Jeepney drivers called on the government Sunday to approve a P5 fare increase as fuel prices continue to rise or face transport strikes across the country.
In an interview on radio dzBB, the president of the Federation of Jeepney Operators and Drivers Association of the Philippines (FEJODAP), Ricardo Rebaño said the group was happy to provide a public service, but said he hoped the government would not simply watch them suffer as a result of high fuel prices.
The Liga ng Transportasyon at Operators sa Pilipinas (LTOP), meanwhile, said it would hold a strike if the government does not raise jeepney fares.
LTOP president Orlando Marquez said they would hold off on the strike until a scheduled meeting with government officials on March 1.
LTOP wants the minimum jeepney fare raised by P3, from P9 to P12.
Unioil Petroleum Philippines said on Saturday that another round of fuel price hikes was scheduled this week, which would be the ninth consecutive week of increases since the start of the year.
The company said the price per liter of diesel may increase by P0.80 to P0.90, while gasoline prices may go up by P0.90 to P1.00 per liter.
Rebaño said the Land Transportation Franchising and Regulatory Board (LTFRB) will conduct a hearing on March 8 on their appeal for a P5 fare increase. The group has also petitioned for an additional P1.50 for every kilometer exceeding the first four.
Albay Rep. Joey Salceda, meanwhile, called for the lifting of all public transport restrictions and the resumption of all public transport routes in anticipation of rising fuel prices.
“The protections accorded by additional public transport restrictions are marginal at best, and more public transport supply is a better guard against overcrowding when workplaces are beginning to normalize,” he said.
“The country could save as much as P1.4 billion in fuel every day by simply reverting to pre-pandemic public transport supply,” he added.
Salceda said the situation in the global markets would take a while to stabilize.
“Meanwhile, we are starting to have plans to go back to school and go to work. Oil prices will hurt the middle class more if they are forced to take private vehicles due to lack of alternatives,” he said.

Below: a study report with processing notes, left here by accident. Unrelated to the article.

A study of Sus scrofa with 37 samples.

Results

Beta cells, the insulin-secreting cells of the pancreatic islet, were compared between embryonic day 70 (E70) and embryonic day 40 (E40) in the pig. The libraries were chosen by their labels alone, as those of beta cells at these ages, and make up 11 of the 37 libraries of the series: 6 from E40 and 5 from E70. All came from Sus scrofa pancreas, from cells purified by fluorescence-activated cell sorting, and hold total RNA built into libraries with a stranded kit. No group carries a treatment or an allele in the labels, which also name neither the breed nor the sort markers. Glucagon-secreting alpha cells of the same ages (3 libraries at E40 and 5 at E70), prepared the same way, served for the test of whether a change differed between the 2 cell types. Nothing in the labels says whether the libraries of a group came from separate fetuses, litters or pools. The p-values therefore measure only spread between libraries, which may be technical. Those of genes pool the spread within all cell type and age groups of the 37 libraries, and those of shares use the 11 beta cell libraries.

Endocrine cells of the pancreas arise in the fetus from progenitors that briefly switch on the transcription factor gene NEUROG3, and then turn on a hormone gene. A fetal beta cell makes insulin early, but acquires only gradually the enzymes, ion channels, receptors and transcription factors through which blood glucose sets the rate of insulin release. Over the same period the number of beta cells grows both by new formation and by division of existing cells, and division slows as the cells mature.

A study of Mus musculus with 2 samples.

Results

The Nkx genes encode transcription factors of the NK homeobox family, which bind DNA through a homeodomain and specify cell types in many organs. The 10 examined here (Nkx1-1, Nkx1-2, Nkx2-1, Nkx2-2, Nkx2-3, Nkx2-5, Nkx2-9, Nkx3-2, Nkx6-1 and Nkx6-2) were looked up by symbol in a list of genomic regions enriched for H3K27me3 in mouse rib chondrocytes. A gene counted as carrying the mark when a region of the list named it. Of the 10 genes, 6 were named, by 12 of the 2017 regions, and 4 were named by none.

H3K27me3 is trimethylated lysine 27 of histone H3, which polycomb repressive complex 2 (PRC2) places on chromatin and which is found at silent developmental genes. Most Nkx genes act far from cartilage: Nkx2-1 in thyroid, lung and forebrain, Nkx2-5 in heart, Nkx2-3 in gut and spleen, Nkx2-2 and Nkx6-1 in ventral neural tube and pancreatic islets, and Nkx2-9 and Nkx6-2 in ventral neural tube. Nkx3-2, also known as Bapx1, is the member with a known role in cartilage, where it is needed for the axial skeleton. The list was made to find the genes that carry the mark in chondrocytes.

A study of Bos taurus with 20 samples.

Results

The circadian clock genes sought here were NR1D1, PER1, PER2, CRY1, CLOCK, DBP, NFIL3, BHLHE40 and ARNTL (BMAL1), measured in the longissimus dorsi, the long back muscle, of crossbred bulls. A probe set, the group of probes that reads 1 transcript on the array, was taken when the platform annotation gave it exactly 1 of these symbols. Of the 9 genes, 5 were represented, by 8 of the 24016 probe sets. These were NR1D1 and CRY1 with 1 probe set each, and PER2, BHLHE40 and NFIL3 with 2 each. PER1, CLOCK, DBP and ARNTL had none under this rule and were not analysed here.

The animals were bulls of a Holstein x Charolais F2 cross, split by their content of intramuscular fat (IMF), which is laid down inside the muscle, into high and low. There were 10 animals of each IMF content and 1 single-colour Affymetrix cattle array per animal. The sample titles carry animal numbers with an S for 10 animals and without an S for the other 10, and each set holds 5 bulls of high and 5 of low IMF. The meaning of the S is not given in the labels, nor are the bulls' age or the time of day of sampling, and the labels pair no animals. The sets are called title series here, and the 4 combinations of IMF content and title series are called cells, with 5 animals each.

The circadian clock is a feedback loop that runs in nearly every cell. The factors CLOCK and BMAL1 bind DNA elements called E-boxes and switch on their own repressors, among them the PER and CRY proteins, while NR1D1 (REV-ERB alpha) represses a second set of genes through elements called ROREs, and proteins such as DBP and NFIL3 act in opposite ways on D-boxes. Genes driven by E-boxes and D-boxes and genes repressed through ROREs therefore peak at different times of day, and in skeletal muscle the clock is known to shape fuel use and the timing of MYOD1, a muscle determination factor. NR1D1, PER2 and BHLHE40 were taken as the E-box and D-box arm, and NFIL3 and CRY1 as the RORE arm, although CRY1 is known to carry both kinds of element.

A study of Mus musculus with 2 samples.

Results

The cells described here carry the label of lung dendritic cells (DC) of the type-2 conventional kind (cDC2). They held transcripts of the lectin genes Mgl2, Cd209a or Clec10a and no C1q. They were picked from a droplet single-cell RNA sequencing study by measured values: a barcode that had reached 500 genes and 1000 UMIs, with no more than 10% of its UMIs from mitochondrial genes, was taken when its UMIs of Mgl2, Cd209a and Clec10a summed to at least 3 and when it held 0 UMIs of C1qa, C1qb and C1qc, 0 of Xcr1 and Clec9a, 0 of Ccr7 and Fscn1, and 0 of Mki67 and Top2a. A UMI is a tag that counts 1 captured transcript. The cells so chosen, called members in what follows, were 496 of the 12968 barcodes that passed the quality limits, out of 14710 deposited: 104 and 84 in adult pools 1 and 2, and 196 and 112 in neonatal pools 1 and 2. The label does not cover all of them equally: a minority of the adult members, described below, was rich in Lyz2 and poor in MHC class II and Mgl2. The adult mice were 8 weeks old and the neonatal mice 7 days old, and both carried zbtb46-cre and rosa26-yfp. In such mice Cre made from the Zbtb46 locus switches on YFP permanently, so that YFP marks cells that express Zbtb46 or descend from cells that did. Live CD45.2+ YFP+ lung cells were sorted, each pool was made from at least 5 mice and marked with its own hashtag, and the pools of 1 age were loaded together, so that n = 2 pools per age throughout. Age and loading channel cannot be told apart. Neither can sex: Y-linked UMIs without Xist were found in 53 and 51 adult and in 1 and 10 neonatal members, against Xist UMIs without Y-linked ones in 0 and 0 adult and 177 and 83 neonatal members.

The current public transport supply would not be able to service a resumption of face-to-face classes, he said.
Salceda also called for immediate implementation of the “pantawid pasada” subsidy for PUV drivers.
Meanwhile, Bagong Henerasyon Rep. Bernadette Herrera is backing the call for a special session to approve bills that would suspend the imposition of excise taxes on fuel amid skyrocketing pump prices.
“If it is really necessary and President Rodrigo Duterte calls for it, we are more than willing to take part in the special session with the end goal of providing much-needed relief to our people amid an unstoppable rise in crude prices,” she said.
Ordinary consumers have to bear the costs of nonstop oil price hikes having an adverse domino effect on the prices of goods and services, she said.
“The higher costs will be passed on to ordinary consumers who have no choice but to deal with rising prices of food, electricity, water and other goods and services,” she said.
A session would allow Congress to pass legislation suspending the fuel excise taxes under the Tax Reform for Acceleration and Inclusion or TRAIN Law, she said.
The suspension of such taxes would immediately bring down local pump prices by P6 per liter for diesel, P10 per liter for gasoline, P5 per liter for kerosene, and P33 per 11-kilogram cylinder for liquefied petroleum gas, she noted.
Camarines Sur Rep. Luis Ray Villafuerte said the Department of Energy should drop its “lackadaisical” approach to setting up a national strategic petroleum reserve (SPR) to ensure a sufficient inventory of oil products in the long term.
“Rather than taking their own sweet time about their SPR plan to help stabilize the domestic supply and prices of petroleum products, energy officials should start working triple time on the long-planned establishment of a national fuel reserve, more so now when the full-blown Russia-Ukraine conflict has raised fears that the global cost of oil could go up to as high as $120 per barrel in the days or weeks ahead,” he said.